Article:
Ellen Perlman was a GOVERNING staff writer and technology columnist.E-mail: firstname.lastname@example.org
People in thousands of government offices perform similar jobs. If only they could find a way to tap the expertise and wisdom of others via the Web. Then they could share ideas and best practices and even talk about books they're reading or gripe about bosses.
Steve Ressler has provided a way for government workers to do just that. Ressler, an information specialist at Immigration and Customs Enforcement launched the networking Web site GovLoop last Memorial Day. It allows chief information officers, county managers and anyone else who wants to join, to discuss ideas and issues ranging from how to use a wiki to what the best tools are for emergency communications. The site now has nearly 10,000 members.
Some of the hundreds of groups on GovLoop touch on issues of government 2.0, homeland security, open source software, acquisitions and human resources. The site also has blogs, job listings and discussion forums. About 30 percent of members come from state and local government. Others are federal workers, contractors, journalists and good government groups.
GovLoop is part of a phenomenon of informal social networks that government employees use without having to deal with the "input or control of their superiors," Ressler wrote in a guest post on Wikinomics. He cites as other examples a social networking for firefighters. and one for young federal employees.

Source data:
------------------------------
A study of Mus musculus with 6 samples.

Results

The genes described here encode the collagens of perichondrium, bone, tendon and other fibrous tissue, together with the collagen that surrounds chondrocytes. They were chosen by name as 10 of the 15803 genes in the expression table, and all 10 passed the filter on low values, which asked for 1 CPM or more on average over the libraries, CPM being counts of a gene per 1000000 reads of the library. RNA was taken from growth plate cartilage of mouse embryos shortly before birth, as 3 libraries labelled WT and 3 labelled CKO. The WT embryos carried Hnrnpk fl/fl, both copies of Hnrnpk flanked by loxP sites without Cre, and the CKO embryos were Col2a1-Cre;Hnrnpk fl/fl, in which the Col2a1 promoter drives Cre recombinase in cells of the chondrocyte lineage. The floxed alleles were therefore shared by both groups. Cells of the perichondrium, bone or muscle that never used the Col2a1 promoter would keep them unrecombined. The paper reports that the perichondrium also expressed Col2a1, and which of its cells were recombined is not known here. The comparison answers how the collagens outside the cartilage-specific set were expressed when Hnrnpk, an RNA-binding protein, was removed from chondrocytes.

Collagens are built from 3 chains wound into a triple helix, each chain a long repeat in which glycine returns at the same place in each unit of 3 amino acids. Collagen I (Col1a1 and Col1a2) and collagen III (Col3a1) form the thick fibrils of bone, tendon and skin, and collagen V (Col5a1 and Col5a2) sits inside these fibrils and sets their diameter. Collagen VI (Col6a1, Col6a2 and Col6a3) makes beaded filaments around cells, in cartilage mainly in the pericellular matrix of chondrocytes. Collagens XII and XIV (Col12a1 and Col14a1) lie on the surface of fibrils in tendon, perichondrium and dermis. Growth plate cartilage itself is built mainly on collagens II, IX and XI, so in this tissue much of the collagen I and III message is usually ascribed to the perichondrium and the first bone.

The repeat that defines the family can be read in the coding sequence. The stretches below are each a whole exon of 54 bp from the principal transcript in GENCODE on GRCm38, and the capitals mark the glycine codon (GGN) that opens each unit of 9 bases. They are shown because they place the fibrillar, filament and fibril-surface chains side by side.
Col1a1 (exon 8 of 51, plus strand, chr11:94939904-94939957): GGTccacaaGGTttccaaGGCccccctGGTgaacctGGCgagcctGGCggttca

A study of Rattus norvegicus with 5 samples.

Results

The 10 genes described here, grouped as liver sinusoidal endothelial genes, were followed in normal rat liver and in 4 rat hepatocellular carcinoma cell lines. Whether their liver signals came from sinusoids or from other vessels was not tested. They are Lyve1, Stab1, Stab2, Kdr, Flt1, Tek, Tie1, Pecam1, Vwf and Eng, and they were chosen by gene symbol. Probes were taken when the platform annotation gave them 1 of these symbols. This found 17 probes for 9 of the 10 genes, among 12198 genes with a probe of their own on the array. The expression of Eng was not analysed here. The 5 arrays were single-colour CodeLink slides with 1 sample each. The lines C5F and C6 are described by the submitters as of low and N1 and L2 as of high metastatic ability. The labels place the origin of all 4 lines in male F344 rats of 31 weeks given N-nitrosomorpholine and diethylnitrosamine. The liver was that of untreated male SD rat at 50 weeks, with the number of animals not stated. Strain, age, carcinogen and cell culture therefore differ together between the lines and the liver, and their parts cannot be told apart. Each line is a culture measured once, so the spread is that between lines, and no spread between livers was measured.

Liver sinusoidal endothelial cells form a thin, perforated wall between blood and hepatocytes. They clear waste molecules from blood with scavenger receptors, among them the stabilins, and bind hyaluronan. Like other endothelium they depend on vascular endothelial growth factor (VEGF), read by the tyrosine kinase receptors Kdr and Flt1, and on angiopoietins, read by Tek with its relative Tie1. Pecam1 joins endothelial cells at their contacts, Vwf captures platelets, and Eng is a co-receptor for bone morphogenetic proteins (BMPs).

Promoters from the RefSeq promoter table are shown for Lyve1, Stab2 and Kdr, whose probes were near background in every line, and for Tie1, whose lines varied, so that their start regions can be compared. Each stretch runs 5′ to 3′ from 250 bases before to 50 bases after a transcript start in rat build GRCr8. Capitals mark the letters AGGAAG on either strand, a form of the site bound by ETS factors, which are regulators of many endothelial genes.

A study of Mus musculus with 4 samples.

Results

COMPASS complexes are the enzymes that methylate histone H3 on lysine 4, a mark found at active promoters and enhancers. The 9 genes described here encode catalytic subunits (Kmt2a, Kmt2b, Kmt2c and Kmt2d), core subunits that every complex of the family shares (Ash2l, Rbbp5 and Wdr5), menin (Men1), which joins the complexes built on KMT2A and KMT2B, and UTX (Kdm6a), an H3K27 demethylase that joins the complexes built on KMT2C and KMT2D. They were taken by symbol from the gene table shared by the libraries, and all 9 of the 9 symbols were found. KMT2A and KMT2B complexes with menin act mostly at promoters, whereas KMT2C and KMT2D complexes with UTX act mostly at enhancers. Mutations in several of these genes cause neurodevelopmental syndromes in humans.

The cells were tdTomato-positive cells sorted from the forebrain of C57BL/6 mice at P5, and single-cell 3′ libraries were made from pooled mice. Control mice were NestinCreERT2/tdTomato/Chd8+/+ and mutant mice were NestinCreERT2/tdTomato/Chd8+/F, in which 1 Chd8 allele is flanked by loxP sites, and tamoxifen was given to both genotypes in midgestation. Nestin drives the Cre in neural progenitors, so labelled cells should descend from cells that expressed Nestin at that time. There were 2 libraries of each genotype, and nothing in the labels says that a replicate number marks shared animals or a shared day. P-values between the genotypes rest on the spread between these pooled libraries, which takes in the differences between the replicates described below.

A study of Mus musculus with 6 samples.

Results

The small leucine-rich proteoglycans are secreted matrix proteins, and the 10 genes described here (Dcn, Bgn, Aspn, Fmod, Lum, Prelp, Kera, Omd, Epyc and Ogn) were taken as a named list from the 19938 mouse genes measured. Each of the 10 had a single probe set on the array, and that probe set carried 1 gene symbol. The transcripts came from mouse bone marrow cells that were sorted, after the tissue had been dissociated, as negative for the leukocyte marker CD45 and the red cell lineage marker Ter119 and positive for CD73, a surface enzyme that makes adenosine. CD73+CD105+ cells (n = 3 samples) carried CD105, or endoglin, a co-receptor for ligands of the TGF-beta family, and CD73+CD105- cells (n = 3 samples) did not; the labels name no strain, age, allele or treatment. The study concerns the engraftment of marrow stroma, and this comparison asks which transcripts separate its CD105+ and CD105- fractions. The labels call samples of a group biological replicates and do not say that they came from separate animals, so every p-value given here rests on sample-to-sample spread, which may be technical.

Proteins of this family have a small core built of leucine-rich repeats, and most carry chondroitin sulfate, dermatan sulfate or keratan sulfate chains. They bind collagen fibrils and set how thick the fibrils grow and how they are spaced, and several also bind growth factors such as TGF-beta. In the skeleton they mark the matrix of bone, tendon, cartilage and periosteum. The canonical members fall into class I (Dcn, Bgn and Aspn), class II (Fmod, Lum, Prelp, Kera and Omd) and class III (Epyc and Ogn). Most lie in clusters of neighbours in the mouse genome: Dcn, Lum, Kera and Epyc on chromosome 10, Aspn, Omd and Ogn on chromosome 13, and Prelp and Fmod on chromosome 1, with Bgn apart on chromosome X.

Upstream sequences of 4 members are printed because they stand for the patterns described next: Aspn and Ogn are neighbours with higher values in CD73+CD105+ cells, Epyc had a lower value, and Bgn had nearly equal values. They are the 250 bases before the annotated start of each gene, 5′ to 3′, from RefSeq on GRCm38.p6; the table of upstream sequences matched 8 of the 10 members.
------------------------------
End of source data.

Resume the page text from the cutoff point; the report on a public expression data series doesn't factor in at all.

These informal information networks are arising for four reasons, he wrote:
1. They fill gaps in information provided by employers.
2. They provide instantaneous access to resources and expertise.
3. They're viewed as authentic communities of peers and venues for candid dialog.
4. They serve as innovation incubators when employees are not empowered to pursue their ideas in an their own organizations.
Senior officials also get benefits from informal network because they can collaborate and suggest ideas without seeming to "big foot" employees, as can happen on internal networks.
Yes, it's one more social networking site to sign up for and explore and check in on. But the way it's targeted, it may be worth it for government employees.
Written and compiled by staff writers and editors, GOVERNING View is an on-the-ground, and sometimes behind-the-scenes, look at the topics we're covering in print and online. From notes on what's up in statehouses, county courthouses and city halls, to encounters with people, places and things, GOVERNING View is a window into the side of state and local government you don't always see.